The Foreign and Commonwealth Office (FCO) advise against all travel to:

The FCO advise against all but essential travel to:

  • areas south of, and including, the towns of Nefta, Douz, Médenine and Zarzis

  • within 30km of the border with Algeria from south of the town of Ghardinaou

Tunisia is going through a period of political transition following the 2011 revolution, and has experienced protests in the post revolutionary period. After months of political stalemate and heightened tensions, a new constitution was agreed in January 2014 and a new technocratic government was appointed. A State of Emergency, which had been in place since January 2011, was lifted on 5 March.

Isolated clashes took place between police and protestors in Tunis during the week of 24 February. Trials related to these incidents take place on 10 and 13 March and there is a possibility of further protests, particularly in the suburbs of Tunis.

Protests are not normally aimed against foreigners, but international events can trigger anti-western demonstrations. See Political situation

There is a general threat from terrorism, including kidnapping. The FCO advise against travel to some areas of southern Tunisia and near to the border with Libya and Algeria due to the threat from terrorism. See Terrorism

There has been a recent increase in terrorist activity in Tunisia, including an explosion on the beach next to the Riadh Palm Hotel in the tourist zone in Sousse on 30 October. The only reported casualty was the individual carrying explosives. On the same day 2 other individuals found with explosives at the Borguiba Mausoleum in Monastir were arrested.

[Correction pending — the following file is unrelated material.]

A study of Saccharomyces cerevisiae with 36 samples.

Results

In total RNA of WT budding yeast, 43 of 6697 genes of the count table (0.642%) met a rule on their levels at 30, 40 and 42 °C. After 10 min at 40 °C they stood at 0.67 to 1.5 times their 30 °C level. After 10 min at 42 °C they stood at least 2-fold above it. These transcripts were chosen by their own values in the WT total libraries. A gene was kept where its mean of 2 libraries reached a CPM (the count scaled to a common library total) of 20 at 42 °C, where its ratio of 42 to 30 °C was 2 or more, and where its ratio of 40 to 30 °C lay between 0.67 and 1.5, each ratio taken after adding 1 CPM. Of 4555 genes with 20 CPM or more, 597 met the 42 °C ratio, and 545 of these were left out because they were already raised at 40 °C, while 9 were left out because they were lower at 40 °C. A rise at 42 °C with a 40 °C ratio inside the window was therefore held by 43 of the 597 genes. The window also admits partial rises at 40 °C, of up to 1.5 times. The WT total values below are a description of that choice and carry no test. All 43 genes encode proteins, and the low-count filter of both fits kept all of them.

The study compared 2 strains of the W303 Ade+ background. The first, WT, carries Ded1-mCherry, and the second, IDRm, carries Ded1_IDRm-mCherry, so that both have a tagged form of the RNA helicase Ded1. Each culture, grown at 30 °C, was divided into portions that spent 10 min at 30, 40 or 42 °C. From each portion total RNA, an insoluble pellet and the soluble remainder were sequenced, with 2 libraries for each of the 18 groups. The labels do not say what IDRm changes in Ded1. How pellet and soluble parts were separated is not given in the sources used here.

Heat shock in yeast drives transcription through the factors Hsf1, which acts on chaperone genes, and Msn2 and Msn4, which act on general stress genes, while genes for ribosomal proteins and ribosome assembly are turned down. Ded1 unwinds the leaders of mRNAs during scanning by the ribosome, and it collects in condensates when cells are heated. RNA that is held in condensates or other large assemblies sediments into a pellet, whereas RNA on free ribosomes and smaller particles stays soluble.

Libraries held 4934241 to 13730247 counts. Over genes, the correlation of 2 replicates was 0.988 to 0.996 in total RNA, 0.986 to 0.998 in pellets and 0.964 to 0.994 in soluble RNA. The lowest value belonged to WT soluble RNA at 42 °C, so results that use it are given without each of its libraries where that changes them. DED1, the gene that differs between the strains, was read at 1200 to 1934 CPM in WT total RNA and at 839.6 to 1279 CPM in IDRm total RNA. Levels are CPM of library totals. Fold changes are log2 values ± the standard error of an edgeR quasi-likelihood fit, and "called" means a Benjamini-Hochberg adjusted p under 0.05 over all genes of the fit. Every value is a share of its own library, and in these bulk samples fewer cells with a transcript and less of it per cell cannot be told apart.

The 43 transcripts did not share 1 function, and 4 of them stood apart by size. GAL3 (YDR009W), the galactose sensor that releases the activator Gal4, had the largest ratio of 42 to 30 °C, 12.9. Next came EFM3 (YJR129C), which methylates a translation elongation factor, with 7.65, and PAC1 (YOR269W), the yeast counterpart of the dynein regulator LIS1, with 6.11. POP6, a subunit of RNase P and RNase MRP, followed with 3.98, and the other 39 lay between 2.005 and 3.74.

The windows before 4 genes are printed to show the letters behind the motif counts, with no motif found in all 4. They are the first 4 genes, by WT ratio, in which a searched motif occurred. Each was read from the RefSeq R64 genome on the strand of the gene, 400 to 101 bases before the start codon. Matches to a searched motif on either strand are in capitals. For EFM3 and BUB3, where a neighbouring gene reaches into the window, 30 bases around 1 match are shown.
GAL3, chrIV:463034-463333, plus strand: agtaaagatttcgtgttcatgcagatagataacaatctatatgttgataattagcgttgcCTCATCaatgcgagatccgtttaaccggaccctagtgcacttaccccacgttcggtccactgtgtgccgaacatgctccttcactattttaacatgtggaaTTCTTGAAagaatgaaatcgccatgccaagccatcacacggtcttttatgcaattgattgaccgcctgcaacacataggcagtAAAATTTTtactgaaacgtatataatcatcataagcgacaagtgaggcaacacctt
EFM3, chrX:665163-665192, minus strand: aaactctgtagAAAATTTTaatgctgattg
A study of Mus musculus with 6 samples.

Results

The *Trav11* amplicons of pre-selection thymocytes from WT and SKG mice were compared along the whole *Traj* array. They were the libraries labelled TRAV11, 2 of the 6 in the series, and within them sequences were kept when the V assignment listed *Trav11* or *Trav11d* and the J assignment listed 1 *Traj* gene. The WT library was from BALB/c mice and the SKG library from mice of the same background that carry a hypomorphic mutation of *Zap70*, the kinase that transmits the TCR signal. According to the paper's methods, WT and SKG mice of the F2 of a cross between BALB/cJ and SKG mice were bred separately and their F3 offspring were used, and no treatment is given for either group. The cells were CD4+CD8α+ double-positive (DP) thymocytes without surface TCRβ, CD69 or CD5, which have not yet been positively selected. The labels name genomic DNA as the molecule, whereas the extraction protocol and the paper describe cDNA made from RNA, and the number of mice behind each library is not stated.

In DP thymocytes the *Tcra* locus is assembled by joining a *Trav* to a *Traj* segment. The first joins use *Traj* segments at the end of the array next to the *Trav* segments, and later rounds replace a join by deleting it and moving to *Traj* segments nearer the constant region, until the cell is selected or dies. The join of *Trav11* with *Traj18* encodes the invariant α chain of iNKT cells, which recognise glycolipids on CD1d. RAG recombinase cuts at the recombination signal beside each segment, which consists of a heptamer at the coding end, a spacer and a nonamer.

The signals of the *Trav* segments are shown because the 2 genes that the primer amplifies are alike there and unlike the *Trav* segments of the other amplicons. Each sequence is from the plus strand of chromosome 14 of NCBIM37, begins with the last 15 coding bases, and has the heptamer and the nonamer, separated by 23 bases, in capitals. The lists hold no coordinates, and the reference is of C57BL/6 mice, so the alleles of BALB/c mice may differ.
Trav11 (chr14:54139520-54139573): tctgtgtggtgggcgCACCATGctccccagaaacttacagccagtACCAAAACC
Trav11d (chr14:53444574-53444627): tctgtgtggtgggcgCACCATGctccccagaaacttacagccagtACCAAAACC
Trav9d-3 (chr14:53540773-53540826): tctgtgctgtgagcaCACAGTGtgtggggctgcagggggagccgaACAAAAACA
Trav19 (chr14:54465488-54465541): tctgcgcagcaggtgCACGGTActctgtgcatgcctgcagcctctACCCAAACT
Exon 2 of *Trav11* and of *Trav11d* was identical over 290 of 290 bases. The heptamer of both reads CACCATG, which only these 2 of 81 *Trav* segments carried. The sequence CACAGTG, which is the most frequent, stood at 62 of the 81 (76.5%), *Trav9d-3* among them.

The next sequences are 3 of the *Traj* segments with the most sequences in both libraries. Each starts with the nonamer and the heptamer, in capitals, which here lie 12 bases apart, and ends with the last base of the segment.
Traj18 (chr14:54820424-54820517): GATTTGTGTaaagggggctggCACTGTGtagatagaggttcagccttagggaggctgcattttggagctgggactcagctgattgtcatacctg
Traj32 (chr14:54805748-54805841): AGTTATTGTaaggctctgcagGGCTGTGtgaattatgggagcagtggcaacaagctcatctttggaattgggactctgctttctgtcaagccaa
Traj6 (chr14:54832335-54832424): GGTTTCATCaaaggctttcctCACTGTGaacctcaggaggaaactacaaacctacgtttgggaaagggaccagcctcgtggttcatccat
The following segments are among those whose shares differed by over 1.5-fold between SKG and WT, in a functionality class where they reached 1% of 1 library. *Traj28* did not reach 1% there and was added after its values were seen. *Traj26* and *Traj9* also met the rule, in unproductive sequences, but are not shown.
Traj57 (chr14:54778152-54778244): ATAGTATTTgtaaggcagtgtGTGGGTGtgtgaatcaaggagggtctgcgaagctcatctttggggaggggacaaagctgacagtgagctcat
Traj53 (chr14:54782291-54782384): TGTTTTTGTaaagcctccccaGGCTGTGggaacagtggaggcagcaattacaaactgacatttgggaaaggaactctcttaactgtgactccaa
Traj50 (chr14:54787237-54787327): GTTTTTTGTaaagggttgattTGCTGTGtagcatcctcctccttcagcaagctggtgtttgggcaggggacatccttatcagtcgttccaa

The possibility of further attacks, including in the coastal resorts and desert areas cannot be ruled out. The British Embassy is in regular contact with the Tunisian authorities and this travel advice is kept under constant review.

You should be vigilant, keep up to date with this travel advice, and follow the advice of the local authorities and your tour operator.

329,619 British nationals visited Tunisia in 2012. Most British tourists stay in the coastal resorts and most visits are trouble free.

In the resort areas, the dress code is much like any European city or tourist area. In other parts of the country you should dress more modestly. See Local Laws and Customs

Some areas of the interior have been declared military zones and will have an increased security presence. If possible, trips into the interior of Tunisia should be made with a reputable tour guide.

The Overseas Business Risk service offers information and advice for British companies operating overseas on how to manage political, economic, and business security-related risks.

Take out comprehensive travel and medical insurance before travelling.